Opera Review: Tristan: The Hot Parts Version

The Chicago Symphony Orchestra presents Act II of Wagner's opera.
by Paul J. Pelkonen 
Esa-Pekka Salonen. Photo by Clive Barda © EsaPekkaSalonen.com
The Chicago Symphony Orchestra has a long tradition of presenting Wagner operas, from its 1891 stint accompanying the touring Metropolitan Opera (in an Italian-language performance of Lohengrin) to a 1995 concert performance of Die Meistersinger  (which became a Grammy-winning 1997 recording) with the late Sir Georg Solti.

On Thursday night, conductor Esa-Pekka Salonen offered his own spin on this tradition with a 90-minute, intermission-less concert that paired the Prelude from Act I of Tristan with the complete second act of that opera. Performing  the work in this fashion allowed the audience to hear this familiar music in a new way and focus on the grand love duet that dominates the second act. More importantly, Mr. Salonen, an award-winning composer himself showed the connection between the famous Tristan chord and the tragic events that end the opera's second act.

Mr. Salonen took an idiosyncratic approach to the Act I Prelude, He waited for absolute silence in Orchestra Hall before launching into the three-note figure that forms this opera's orchestral signature. The conductor sped up as the swell sound increased, leading the heaving central climax at a passionate clip. Throughout, there was a perfect, limpid clarity of strings, wind and horns, right down to the two cello plucks that lead into Act I.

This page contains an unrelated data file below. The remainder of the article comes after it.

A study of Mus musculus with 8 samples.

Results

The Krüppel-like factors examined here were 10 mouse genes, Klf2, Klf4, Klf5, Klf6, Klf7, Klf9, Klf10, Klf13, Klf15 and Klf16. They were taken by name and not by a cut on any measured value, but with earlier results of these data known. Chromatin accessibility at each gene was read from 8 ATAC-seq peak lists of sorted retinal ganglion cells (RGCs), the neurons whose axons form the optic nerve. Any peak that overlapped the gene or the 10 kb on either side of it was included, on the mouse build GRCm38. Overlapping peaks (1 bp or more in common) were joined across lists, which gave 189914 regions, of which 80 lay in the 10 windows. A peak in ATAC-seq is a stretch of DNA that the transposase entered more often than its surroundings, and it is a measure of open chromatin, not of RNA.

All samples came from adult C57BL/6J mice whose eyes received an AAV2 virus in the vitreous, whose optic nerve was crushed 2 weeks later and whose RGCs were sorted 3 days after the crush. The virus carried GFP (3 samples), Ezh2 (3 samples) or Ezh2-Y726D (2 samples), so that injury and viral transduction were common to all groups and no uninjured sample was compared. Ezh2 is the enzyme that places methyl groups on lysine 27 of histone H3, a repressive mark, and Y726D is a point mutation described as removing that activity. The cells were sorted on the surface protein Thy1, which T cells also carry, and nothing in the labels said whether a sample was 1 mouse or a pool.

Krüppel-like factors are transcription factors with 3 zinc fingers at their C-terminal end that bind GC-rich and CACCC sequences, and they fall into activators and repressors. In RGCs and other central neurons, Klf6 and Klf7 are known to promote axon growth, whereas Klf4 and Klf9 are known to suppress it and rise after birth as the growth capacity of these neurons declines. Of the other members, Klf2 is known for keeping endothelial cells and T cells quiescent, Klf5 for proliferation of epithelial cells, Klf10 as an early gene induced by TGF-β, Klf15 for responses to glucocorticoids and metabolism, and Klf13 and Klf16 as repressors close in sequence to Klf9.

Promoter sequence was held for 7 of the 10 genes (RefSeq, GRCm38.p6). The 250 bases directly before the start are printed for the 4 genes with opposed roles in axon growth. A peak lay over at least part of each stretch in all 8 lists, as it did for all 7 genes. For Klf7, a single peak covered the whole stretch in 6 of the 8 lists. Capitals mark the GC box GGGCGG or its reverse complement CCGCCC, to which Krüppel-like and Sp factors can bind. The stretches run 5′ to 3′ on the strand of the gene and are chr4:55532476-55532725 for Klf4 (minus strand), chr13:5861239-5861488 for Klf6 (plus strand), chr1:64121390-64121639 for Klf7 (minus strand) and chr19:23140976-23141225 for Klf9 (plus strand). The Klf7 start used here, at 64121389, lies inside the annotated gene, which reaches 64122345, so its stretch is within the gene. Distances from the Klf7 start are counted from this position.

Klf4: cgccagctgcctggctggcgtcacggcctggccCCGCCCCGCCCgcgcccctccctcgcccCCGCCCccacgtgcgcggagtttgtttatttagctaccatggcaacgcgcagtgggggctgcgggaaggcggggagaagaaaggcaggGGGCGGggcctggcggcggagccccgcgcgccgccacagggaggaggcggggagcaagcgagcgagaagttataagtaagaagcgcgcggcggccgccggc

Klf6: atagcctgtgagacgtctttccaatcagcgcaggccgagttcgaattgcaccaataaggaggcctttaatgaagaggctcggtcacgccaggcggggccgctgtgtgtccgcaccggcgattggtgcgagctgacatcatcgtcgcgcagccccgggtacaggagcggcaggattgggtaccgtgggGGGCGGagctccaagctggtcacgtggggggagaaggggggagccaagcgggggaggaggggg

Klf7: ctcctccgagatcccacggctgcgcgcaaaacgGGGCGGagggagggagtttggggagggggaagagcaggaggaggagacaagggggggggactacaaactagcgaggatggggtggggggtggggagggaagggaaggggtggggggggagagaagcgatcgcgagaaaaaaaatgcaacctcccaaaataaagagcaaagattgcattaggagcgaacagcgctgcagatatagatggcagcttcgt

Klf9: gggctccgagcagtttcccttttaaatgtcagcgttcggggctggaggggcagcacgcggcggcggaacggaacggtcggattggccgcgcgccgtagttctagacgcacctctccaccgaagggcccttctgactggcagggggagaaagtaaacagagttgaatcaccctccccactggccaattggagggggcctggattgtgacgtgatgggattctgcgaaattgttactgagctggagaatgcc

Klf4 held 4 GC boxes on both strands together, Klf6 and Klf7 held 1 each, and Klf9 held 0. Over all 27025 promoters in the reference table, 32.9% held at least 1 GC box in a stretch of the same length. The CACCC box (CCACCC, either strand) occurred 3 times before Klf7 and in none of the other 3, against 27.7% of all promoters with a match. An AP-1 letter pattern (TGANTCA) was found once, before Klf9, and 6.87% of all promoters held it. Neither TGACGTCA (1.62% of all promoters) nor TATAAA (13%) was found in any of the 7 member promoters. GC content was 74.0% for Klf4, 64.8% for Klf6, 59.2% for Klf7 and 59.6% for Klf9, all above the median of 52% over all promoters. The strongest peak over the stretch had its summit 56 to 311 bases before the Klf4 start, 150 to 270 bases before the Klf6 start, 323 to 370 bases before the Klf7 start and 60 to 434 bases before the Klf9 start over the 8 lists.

Here, they didn't. The downward-slashing, dissonant chord that start Act II followed without pause, a jarring effect. Offstage hunting horns engaged in call-and-response with the solo bass clarinet. The orchestra charged into the music depicting the eager Isolde waiting for her ill-fated tryst with Tristan to begin.

Three minutes later, the singers entered. Although playing queen and handmaiden, Linda Watson and Michelle DeYoung looked sisterly in their black concert wear and blond tresses. Ms. Watson used her potent soprano to maximum effect as Isolde, putting a dynamite charge into her opening lines. She was answered by Ms. DeYoung, their act opening argument expertly supported by Mr. Salonen.

Matters became more difficult with the bustling arrival of Tristan, played here by German tenor Stefan Vinke. Mr. Vinke has a strong, ringing voice with enough power and emotion for Tristan. He strained for some notes, turning red with effort as he surged over the thundering orchestra. He improved in the softer passages, particularly a smooth, melting "O sink hernieder" and the portion of the long duet where Tristan sings the melody that Wagner would later echo in the Act III Liebestod.

Halfway through their rendezvous, Ms. DeYoung appeared in the lower balcony of the auditorium, which became a watch-tower for Brangäne's uttered warnings. Hearing her this close, one was impressed by the rich, mellifluous flood of tone she brought to these mysterious lines, each word rich with meaning and portent.

As the duet reached its climax, the lovers' dream-world was rudely shattered by Mr. Salonen and the  brass. This signalled the arrival of  Kurwenal (Daniel Eifert, a leading member of the CSO chorus) Melot (the impressive young tenor Sean Pannikar) and King Marke, played by the leading bass John Relyea. Mr. Relyea sang the final impressive performance of the evening, putting heartbreak and regret into his long address to Tristan. The only real tragedy here was that the opera remained incomplete.